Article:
When the Oracle of Omaha speaks, the markets listen. That’s particularly true at the recent annual Berkshire Hathaway meeting, where a reported 18,000 investors rolled in to hear what the CEO said. Of particular interest: Berkshire Hathaway is sitting on a $182 billion pile of cash, apparently reflecting Buffett’s hesitation about opportunities in the current market — and possibly saying a lot about the economy as a whole.

On the Agenda: First Quarter Earnings

According to Forbes, Buffett began by briefly reviewing Berkshire’s first-quarter earnings: operating earnings exceeded the previous year’s by nearly 40 percent. That gave Berkshire Hathaway a solid start to the year and helped influence the general tone of the meeting. Buffett also noted that he believes operating earnings are the “most descriptive” way to analyze Berkshire’s success since it removes the effects of the stock market’s short term volatility.

He also pointed out that holding cash meant access to higher interest yields, which could drive up investment income for the company. He sees this trend continuing over the year and he’ll be hoping this will keep Berkshire’s investment income strong for some time. But even with that buoy in place, Buffett said not to “multiply the insurance earnings by four,” referring to the basic arithmetic for predicting what a quarter might mean for the entire year.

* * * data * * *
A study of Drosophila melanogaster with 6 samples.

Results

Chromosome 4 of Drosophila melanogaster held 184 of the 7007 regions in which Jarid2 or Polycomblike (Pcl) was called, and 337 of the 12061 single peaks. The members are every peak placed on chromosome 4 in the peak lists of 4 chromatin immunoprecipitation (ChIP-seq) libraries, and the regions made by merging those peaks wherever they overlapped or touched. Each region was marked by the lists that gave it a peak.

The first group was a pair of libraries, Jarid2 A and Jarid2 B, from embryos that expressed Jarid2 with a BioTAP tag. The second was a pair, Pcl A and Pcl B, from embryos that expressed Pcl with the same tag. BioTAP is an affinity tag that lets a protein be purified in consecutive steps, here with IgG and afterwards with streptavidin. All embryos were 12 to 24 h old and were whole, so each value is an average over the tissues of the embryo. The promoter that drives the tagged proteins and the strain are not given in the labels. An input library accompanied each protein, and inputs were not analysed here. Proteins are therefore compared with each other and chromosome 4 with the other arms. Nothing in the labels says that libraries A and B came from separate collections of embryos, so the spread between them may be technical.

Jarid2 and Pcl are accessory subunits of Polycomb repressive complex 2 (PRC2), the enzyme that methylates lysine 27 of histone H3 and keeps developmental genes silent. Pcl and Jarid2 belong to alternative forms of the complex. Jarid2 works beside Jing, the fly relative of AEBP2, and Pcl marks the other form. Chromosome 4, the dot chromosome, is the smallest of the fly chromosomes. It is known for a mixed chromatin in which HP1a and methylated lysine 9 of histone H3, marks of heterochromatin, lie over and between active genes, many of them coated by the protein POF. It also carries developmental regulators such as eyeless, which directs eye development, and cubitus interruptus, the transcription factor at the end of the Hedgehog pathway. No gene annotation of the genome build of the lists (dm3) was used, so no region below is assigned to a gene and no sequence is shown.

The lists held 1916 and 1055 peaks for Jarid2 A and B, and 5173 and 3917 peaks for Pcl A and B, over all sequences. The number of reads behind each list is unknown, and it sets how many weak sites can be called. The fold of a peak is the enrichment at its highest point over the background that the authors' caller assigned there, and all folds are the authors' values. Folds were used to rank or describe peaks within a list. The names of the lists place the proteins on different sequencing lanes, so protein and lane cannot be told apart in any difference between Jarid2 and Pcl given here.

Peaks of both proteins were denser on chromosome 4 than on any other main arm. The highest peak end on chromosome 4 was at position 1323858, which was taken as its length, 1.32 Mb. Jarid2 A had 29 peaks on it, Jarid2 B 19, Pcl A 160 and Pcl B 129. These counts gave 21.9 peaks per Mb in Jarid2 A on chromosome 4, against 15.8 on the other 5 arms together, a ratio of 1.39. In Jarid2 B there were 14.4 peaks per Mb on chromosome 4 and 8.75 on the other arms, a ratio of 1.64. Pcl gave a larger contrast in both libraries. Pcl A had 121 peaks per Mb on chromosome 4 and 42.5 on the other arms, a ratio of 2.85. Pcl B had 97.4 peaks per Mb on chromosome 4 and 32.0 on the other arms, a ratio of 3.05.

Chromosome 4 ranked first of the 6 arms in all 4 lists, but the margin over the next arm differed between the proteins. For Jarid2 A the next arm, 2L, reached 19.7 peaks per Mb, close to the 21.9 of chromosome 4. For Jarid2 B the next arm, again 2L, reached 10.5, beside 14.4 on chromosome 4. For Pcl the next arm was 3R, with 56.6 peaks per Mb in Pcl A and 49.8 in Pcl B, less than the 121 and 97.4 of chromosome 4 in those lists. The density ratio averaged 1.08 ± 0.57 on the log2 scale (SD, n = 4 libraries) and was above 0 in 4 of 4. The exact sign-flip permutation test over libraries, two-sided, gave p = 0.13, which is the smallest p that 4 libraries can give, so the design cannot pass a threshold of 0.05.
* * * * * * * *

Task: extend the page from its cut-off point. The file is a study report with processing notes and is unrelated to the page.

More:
Taking a Chunk Out of Berkshire’s Apple Stock?

Buffett has been famously bullish on Apple for years, regarding it as a rock-solid company with a tremendous upside. Much of Berkshire’s success in recent years is even due to its substantial holdings in Apple. But even that support isn’t unconditional.

The event highlighted how Berkshire had been a net seller of over $17 billion in publicly traded stocks, with most of that money coming from sales of Apple and Chevron. Thanks to the high earnings and the recent stock sales, Berkshire’s pile of cash has turned to $182 billion. Buffett said it could go even higher, perhaps to $200 billion before the end of the second quarter. Of particular interest was Buffet’s answer to the question as to why he hasn’t invested the cash.

“I don’t think anyone sitting at this table has any idea how to use it effectively,” said Buffett,” and therefore we don’t use it. We only swing at pitches we like.”

The Future of Berkshire Hathaway

With the passing of late chairman and longtime Buffett friend Charlie Munger, there’s a question about who Buffett’s successor will be. Buffett also addressed the future of Berkshire management by saying that the first goal would be to increase operating earnings — even in the wake of a successful quarter. Buffett also sees a priority in decreasing the number of outstanding shares, this boosting Berkshire’s earnings per share.

Buffett also sees the potential for “hope for a … big opportunity.” Such an opportunity would let Berkshire Hathaway flex its muscles and put its substantial cash hoard to use. Currently the vision is to let the board of Berkshire Hathaway pick the successor to Buffett, even with Greg Abel ostensibly in line to take over as chairman and CEO. But Buffett also said that the decision is ultimately out of his hands — as he’d be gone. Berkshire Hathaway, with its substantial cash pile and increased earnings in Q1 2024, will not be going anywhere anytime soon.